Shankar Prasad Bhargava



He was married to Asharfi Bhargava and had four children, 3 sons and a daughter. They were Govind Prasad (1912-1961), Rajeshwar Bhargava (1918-1940, tragically died of typhoid fever), Professor Krishna Prasad (KP) Bhargava (1925-1991) and daughter Hem Bhargava (1934-1991). He is the grandfather of Professor Balram Bhargava.


He was a Professor of Economics and acting principal of Sanatan Dharma College of Commerce in Cawnpore, United Provinces, British India from 1921-1929 (now Vikramajit Singh Sanatan Dharma College, Kanpur, India) [4]. Following which, he joined the Economic wing of the Political Department in Delhi (a department directly under the control of the Viceroy of India, which controlled the Princely States). In Delhi, he worked under V. Narahari Rao (the first Comptroller and Auditor General of India after Independence, 1948-1954). In 1933, the Political Department in Delhi overtook the administration of the Alwar State with its Prime Minister Francis Verner Wylie to govern it (later Sir Francis Verner Wylie, the last British governor of the United Provinces). V. Narahari Rao suggested Shankar Prasad (SP) Bhargava for the post of an educationist to assist with this restructuring. With the assent of Maharaja Tej Singh, the last ruler of Alwar State, SP Bhargava was appointed as the first principal of Raj Rishi College[5] and advisor to Alwar State economic matters. He was granted a tax-free salary of Rs 500 pcm with a fully furnished bungalow.

From 1933-1946, in Alwar as principal of Raj Rishi College and State economic advisor, SP Bhargava lived aristocratically, with a chauffeur driven car, immaculately dressed in the evenings and regularly playing tennis followed by bridge. However, he was a strict vegetarian and very religious, arranging many discourses over the Gita and Ramayana, by learned preachers from Delhi and Mathura. He was also a society member of ‘The Board of High School and Inter-mediate Education, Rajputana (including Ajmer-Mewara), Central India and Gwalior’ for supervising and regulating education in the princely states in 1934[1]. In 1941, during his tenure at Raj Rishi College, he was also appointed the State Census Superintendent for the State of Alwar and the Estate of Nimrana [6]. This census data was used for the partition of British India in 1947, although he did not believe that Pakistan would be created. One of his notable students was Ramesh Chandra Mody [7], a previous head for several all-India departments with the Reserve Bank of India; his son is Ashoka Mody a Professor of economics.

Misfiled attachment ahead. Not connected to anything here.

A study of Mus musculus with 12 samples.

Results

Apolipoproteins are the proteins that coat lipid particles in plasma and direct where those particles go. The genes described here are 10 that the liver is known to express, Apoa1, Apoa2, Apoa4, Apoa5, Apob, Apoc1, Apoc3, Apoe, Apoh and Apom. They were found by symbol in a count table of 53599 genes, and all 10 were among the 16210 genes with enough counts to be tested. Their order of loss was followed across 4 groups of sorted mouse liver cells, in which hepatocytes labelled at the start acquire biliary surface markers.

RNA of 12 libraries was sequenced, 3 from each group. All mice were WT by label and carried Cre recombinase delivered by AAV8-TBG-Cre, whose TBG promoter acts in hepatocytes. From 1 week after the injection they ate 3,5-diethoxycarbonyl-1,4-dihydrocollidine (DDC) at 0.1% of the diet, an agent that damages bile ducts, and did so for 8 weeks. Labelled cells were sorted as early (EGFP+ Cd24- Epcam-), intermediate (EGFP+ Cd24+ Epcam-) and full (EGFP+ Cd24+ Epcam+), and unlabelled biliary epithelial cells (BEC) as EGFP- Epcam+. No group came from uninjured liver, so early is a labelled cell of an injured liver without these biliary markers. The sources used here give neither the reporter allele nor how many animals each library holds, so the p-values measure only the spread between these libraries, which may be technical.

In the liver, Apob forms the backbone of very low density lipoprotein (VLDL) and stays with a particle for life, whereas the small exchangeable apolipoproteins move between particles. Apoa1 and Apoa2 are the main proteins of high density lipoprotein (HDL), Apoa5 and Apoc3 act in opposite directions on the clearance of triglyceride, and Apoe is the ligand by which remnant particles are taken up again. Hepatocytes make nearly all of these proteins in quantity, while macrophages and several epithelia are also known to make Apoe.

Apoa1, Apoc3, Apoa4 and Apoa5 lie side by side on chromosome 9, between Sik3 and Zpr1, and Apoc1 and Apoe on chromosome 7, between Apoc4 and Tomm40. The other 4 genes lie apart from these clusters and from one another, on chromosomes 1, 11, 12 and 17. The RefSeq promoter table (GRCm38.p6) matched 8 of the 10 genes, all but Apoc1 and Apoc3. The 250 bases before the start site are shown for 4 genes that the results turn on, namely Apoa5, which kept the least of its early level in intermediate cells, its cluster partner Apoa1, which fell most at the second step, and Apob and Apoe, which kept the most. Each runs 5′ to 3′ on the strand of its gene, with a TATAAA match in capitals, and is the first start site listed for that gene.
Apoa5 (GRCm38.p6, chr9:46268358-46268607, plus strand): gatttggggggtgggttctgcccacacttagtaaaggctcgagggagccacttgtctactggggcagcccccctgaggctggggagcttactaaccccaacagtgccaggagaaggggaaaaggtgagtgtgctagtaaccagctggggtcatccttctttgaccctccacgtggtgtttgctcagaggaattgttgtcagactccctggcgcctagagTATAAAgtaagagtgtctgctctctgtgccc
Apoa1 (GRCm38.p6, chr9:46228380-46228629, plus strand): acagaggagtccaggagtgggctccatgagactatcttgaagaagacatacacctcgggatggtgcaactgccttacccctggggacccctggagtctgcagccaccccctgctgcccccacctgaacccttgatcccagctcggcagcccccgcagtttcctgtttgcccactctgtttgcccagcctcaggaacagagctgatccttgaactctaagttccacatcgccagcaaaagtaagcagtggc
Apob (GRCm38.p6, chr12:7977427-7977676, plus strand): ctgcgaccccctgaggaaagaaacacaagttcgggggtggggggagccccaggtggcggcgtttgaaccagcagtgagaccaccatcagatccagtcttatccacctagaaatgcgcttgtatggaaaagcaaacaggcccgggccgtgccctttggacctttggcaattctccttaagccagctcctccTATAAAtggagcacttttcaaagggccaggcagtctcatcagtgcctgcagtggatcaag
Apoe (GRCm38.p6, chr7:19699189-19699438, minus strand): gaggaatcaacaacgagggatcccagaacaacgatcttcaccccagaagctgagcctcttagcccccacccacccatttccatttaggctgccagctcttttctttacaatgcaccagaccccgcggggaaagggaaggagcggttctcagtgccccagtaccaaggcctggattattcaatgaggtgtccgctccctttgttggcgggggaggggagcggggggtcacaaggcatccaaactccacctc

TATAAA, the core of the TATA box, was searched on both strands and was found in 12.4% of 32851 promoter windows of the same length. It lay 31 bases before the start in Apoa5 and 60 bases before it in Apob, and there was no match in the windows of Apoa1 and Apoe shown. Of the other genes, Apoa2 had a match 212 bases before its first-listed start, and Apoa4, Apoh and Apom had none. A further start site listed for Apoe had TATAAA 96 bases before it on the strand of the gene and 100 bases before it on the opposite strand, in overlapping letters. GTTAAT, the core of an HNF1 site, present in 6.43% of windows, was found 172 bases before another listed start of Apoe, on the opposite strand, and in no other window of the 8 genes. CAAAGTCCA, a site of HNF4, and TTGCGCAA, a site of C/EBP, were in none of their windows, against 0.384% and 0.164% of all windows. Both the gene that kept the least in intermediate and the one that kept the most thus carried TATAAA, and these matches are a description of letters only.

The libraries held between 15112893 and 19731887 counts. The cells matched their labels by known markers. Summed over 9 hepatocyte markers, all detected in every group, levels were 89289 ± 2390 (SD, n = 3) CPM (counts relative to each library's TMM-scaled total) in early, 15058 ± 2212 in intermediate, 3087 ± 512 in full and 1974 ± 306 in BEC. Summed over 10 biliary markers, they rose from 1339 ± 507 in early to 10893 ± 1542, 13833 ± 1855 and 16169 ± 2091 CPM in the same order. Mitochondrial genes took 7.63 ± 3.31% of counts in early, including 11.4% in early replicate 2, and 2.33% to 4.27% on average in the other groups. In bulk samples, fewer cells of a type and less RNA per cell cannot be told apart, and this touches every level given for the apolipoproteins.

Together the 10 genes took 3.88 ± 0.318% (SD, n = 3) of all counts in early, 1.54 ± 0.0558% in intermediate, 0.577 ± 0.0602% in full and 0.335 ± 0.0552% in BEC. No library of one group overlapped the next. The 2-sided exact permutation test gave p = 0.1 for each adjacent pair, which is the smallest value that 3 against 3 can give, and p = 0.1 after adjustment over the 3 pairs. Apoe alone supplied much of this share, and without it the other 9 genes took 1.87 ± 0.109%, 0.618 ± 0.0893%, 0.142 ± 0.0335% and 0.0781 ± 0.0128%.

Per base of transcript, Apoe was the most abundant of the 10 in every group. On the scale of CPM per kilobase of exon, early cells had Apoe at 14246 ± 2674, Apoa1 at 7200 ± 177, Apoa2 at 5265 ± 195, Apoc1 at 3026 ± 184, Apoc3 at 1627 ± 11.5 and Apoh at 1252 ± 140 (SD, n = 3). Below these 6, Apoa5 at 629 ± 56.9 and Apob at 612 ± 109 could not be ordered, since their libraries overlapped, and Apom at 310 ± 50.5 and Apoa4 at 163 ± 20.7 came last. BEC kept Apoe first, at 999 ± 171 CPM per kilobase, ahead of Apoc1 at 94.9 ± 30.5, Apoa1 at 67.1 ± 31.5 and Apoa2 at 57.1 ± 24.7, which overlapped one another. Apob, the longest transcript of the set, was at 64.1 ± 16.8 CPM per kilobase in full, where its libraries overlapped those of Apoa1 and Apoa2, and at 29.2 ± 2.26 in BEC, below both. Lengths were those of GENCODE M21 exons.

SP Bhargava had a stroke in 1946 and was bed ridden for the next 16 years till the end of his life in 1962 in Lucknow.


  1. 1.0 1.1 Retrieved September 7, 2021, from
  2. Proceedings of the Ninety-Third Annual General Meeting of the Royal Statistical Society, Held in the Hall of the Royal Society of Arts, on Tuesday, June 21, 1927. (1927). Journal of the Royal Statistical Society, 90(4), 769-774. Retrieved August 23, 2021, from
  3. APPENDIX II: List of Members of the Institute. (1930). Annals of the Bhandarkar Oriental Research Institute, 12(4), V-Xvi. Retrieved September 7, 2021, from
  4. Retrieved September 7, 2021, from "Calendar for the Year 1928-1929". The Board Of High School And Intermediate Education. 1929.
  5. "Raj Rishi College,alwar".
  6. Census of India Vol. XXIV 1941- Rajputana & Ajmer-Marwara. Retrieved September 7, 2021, from
  7. Retrieved September 7, 2021, from "The Rise and Fall of the Princely State of Alwar | India of the Past".